The composition of Japan’s current account balance has changed over time, with an increasing income balance primarily reflecting a growing net foreign asset position and higher corporate saving. A comparison of Japan’s income balance with peer countries highlights: (i) relatively high yields on FDI assets, and (ii) very low FDI liabilities in Japan. Panel estimation is used to derive separate exchange rate elasticities for income credit and debit, with novel accounting that disentangles the mechanical from the economic response to exchange rate fluctuations. Despite the changing composition of Japan’s current account balance, its response to exchange rate movements still operates mostly through the traditional trade channel, with a small but reinforcing contribution from the income balance.
International Monetary Fund


The External Sector Report presents a methodologically consistent assessment of the exchange rates, current accounts, reserves, capital flows, and external balance sheets of the world’s largest economies. The 2018 edition includes an analytical assessment of how trade costs and related policy barriers drive excess global imbalances.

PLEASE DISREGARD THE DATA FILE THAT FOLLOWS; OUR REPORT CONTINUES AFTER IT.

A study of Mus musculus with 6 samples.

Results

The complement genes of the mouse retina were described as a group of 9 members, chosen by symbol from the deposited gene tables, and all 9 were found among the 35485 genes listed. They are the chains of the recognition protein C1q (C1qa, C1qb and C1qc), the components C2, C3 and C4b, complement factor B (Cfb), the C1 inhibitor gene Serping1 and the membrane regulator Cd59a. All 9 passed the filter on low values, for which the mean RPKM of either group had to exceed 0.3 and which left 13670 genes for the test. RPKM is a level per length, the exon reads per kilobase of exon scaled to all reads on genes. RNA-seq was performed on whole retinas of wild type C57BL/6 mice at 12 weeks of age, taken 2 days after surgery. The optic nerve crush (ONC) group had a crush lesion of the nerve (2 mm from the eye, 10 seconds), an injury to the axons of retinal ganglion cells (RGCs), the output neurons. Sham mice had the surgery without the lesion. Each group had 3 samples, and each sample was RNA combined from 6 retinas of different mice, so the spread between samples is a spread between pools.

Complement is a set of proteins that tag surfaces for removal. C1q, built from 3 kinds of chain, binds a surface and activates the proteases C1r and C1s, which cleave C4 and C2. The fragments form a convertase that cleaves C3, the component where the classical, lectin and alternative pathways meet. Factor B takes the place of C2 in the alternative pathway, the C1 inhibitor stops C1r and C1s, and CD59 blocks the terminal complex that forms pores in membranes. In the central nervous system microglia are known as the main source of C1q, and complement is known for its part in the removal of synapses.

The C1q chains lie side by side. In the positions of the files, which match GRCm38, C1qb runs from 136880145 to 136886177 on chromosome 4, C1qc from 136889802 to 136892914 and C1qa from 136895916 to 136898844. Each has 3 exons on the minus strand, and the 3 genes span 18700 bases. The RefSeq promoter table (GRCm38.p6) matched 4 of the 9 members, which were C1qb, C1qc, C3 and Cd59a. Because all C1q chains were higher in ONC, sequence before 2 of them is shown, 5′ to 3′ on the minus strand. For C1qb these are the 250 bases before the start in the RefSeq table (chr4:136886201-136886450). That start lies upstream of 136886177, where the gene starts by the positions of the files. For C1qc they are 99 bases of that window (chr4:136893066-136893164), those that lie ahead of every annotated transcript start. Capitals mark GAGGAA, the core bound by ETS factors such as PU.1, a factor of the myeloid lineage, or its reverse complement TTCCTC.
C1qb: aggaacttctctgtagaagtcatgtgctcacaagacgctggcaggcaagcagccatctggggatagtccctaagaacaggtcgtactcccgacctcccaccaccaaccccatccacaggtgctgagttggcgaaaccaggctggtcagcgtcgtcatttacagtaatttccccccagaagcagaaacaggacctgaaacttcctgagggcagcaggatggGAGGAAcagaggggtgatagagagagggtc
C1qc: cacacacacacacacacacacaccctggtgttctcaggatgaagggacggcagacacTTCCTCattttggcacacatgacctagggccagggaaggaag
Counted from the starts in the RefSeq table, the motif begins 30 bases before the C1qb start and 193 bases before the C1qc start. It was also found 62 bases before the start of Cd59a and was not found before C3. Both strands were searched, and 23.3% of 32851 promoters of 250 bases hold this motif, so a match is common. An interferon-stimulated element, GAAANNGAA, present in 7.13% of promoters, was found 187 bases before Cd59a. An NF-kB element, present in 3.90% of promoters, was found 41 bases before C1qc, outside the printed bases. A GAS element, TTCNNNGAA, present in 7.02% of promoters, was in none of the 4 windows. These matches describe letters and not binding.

International Monetary Fund. Research Dept.
This paper reports the results of some preliminary research into the repercussions, for income distribution, of stabilization programs associated with the use of IMF resources in the upper credit tranches. In the first section, it explores the relationship between the balance of payments and the distribution of income from a theoretical perspective. The general concern is whether adjustment influences the distribution of income in some systematic manner; the concern is to delineate the conditions under which a decline in the real wage is necessary for adjustment actually to take place. Using neoclassical analysis, one finds that the ratio of the nominal wage to the price of exports must decline, but whether this involves a fall in the overall real wage depends on many variables, including the relative proportions of traded and nontraded goods in the consumer's market basket. Second, it presents a qualitative analysis of the distributional effects of the measures that tend to be included in these programs, viz., ceilings on net credit expansion, currency depreciation, and the relaxation and simplification of exchange restrictions and controls.